In my experience talking to Christians I’ve learned to not assume I know the beliefs of the individual...with a few exceptions. Every Christian I know believes that Jesus Christ existed, that he was crucified, and that he rose from the dead. From there they vary wildly. A big disagreement is over which Biblical bits are historical and which are fictional stories--beliefs that are dependent on their personal credulity or that of their chosen church.
The resurrection of Christ is so indoctrinated into their culture that it’s unquestioned and taken for granted even when talking snakes and planetary floods are considered too outside the realm of possibility to be seen as factual. This cultural familiarity somehow makes ideas plausible. So lets imagine something unfamiliar.
“Woman gives birth to squid!” How’s that for a headline? Imagine you read that, not as a modern headline, but as an event expressed in a book over a thousand years old. The obvious context is that every woman you’ve ever known has given birth to a human boy or girl, every account from every person since you were born bares out the identical report, and every historical record of births since modern bookkeeping confirms that humans give birth to humans. So would you believe that a woman from antiquity bore an ink-squirting, tentacled baby? Given that, biologically speaking, there is no mechanism for such a birth to be possible, would a Christian believe it?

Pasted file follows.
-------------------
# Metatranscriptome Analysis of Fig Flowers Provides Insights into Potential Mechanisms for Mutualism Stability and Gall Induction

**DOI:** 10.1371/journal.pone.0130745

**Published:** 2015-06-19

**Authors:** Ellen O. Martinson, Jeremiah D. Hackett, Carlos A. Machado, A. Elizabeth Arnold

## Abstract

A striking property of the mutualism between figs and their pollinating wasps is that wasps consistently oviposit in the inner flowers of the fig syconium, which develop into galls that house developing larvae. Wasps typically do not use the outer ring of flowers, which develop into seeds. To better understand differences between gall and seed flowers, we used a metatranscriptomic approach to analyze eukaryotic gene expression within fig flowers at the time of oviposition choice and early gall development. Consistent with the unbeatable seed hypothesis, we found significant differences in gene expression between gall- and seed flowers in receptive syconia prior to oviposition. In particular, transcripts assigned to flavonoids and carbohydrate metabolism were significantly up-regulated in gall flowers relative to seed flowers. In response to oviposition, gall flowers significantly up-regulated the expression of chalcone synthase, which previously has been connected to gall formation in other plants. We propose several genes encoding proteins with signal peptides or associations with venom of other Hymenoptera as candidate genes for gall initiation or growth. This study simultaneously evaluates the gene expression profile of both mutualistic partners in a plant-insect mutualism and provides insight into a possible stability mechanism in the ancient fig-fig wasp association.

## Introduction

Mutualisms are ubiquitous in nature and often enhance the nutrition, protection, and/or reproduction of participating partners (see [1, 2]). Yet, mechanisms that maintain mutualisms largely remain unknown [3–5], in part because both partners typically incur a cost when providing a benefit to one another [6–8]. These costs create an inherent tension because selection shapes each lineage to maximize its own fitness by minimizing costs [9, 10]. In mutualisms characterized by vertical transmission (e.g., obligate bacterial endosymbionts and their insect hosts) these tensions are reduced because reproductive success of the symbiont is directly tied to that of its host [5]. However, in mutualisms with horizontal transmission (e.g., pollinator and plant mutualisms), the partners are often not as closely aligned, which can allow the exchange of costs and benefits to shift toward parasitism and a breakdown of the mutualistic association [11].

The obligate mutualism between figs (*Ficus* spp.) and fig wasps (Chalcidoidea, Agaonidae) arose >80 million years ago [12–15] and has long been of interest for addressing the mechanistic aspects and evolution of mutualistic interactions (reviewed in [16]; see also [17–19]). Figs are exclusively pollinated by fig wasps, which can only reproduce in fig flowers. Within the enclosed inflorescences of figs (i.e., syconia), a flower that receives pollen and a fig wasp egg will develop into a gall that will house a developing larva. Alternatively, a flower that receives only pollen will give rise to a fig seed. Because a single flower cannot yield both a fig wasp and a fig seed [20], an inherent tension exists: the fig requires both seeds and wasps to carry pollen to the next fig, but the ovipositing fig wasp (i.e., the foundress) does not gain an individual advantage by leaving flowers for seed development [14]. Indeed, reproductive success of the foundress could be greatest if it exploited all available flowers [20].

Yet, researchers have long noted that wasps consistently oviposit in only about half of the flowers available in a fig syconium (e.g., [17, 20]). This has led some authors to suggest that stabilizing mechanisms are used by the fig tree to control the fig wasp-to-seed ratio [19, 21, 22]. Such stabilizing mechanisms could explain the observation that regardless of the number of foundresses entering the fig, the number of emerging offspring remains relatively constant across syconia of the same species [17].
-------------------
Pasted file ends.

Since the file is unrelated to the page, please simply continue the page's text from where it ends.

I doubt neither you nor that Christian would accept such a claim, because it’s absurd, sure, but more importantly it's novel. There is no cultural familiarity with the notion of squid-babies (outside of that one scene in Men in Black.) If everyone you knew happened believed that old squid's tale from childhood....suddenly it becomes plausible. Credulity becomes communal when fitting in is praised over critical thought. I think that's a given. How we change that requires more thought.